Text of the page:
A grieving Cape Breton mother is questioning why the woman charged in connection with the death of her son was released without bail and only minimal conditions.
© Cape Breton Post
Matthew Somerton, 26, of Glace Bay, left, died April 5 from injuries sustained after he was run over by a truck. His former girlfriend, Christina Michelle Croney, 26, right, is facing two charges in connection with the death and is scheduled to enter pleas to the charges Tuesday.
“Why is she allowed to come and go as she pleases? She has no curfew, she’s allowed to continue to drive. It just doesn’t make sense,” said Carol Somerton, of Glace Bay, whose son Matthew died April 5 as a result of injuries sustained March 30.
According to Cape Breton Regional Police, Terrance Matthew Somerton, 26, died after being run over by a vehicle on Leslie Lane in Glace Bay.
His former girlfriend, Christina Michelle Croney, 26, is charged with dangerous driving causing death and criminal negligence causing death by operating a vehicle in an excessive manner. Croney, who is about five months pregnant, is scheduled to enter pleas to the charges during a provincial court appearance Tuesday.
Her release conditions stipulate she have no contact with the victim’s family, that she report once a week to Cape Breton Regional Police, and stay away from Dolphin Crescent in Glace Bay.
According to witnesses at the scene, Matthew Somerton was holding onto the outside of the driver’s door when he fell to the ground and the vehicle rolled over him. The driver left the scene and was arrested a short time later. His mother said her son suffered as many 12 fractures to his skull.
“My whole family is shattered because of this. We have all been traumatized. She took (Matt) away from everything he loved,” said Somerton.
Diane MacGrath, a Sydney-based prosecutor with the Nova Scotia Public Prosecution Service assigned to the Somerton case, said the Crown is satisfied the charges filed are appropriate based on the information provided by police.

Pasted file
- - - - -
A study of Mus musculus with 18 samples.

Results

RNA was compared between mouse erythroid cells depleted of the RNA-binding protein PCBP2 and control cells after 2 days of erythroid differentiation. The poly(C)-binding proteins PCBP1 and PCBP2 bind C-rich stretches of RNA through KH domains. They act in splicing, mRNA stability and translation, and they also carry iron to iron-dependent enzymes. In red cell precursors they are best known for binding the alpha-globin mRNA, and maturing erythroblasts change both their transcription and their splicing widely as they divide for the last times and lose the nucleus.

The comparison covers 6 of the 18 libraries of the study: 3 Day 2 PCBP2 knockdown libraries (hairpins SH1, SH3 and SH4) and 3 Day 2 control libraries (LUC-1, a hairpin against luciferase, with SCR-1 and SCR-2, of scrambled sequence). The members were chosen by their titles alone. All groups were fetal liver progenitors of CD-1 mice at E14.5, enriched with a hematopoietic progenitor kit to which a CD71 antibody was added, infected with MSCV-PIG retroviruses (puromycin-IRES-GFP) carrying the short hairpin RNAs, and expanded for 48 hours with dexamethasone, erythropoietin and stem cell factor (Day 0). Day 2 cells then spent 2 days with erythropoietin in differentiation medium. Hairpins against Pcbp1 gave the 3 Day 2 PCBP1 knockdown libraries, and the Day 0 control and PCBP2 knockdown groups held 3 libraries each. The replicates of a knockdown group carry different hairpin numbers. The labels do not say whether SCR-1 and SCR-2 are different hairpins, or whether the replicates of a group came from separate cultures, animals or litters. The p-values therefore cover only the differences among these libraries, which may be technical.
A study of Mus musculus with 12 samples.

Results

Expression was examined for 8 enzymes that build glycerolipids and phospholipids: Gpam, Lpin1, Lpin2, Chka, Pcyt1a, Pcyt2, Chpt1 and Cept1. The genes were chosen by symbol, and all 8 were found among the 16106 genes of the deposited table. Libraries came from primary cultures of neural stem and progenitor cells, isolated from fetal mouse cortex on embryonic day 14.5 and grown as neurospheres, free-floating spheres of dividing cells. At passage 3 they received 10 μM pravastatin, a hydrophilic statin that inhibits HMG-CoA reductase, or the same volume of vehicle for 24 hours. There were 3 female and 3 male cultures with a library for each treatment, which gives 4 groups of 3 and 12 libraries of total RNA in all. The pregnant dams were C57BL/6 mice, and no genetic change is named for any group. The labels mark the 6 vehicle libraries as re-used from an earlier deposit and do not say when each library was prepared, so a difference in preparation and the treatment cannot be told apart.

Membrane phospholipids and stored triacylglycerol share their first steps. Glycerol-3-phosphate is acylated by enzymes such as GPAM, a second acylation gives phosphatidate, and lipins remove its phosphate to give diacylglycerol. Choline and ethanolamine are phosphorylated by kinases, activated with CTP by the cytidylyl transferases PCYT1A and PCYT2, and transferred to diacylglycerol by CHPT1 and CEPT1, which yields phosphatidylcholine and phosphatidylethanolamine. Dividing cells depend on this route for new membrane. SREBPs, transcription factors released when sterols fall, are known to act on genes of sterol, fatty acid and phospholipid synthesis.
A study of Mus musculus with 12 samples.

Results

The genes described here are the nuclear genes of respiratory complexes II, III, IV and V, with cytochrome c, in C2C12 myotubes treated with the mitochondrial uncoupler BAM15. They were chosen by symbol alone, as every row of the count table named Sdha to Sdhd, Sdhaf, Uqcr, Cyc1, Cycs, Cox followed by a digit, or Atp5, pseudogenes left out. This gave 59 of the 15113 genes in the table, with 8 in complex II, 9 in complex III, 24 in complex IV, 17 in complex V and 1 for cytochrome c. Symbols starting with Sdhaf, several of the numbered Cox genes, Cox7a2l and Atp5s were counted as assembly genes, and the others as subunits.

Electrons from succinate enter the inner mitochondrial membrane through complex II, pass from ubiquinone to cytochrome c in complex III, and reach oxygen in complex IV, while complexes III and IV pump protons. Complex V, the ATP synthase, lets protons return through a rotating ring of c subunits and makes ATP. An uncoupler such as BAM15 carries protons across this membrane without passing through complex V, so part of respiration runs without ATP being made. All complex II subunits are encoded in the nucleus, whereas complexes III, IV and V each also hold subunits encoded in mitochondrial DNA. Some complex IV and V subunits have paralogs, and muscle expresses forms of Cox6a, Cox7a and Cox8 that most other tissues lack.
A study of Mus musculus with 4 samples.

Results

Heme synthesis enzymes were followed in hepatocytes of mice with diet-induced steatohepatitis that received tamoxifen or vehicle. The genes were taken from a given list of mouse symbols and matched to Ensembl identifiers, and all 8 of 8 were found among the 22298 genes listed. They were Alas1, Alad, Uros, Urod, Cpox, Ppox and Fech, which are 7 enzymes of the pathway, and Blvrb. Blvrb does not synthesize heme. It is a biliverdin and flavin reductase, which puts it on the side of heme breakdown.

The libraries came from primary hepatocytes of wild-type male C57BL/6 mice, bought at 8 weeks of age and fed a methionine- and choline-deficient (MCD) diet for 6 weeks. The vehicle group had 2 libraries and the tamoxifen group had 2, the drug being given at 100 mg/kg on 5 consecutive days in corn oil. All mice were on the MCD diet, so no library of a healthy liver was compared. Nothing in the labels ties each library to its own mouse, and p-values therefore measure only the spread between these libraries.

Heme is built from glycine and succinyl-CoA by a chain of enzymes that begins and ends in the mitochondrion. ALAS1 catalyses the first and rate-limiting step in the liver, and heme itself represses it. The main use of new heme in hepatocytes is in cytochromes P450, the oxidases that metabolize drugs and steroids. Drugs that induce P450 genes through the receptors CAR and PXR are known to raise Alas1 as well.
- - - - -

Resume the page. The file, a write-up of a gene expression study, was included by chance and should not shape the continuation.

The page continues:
“We are always willing and, indeed obligated, to look at new information in a case,” said MacGrath.
“But now we have to let justice run its course and at the end of the day, the Somerton family is certainly open to seek other avenues to have their concerns addressed,” she said.
MacGrath said when it comes to release conditions, the Crown is guided by provisions set out in the Criminal Code.
She stressed that each case is assessed on its own merits, and what may be appropriate in one case may not be in a similar one.
MacGrath and the island’s chief Crown attorney, Dan MacRury, have met with Somerton to discuss her concerns.
Somerton is also critical of the police investigation, and has filed several complaints against officers involved which are still being reviewed by police officials.
“They certainly didn’t check the truck enough because they missed a gram of weed in the dash,” said Somerton, who discovered the marijuana after retrieving the vehicle from the impound yard.
She also said officers failed to collect evidence from the apartment where her son and his girlfriend were staying.
Somerton has met with police several times to discuss her concerns.
“I just feel they are applying a different standard in this case. They don’t seem to be taking my side of the story seriously. My side of the story is that my son is dead,” said Somerton.
As for her son, Somerton said she will always miss his kindness.
“Matt will be remembered by all as a big, kind-hearted person with a great personality who would do anything for anyone,” said Somerton, in repeating a line from her son’s obituary.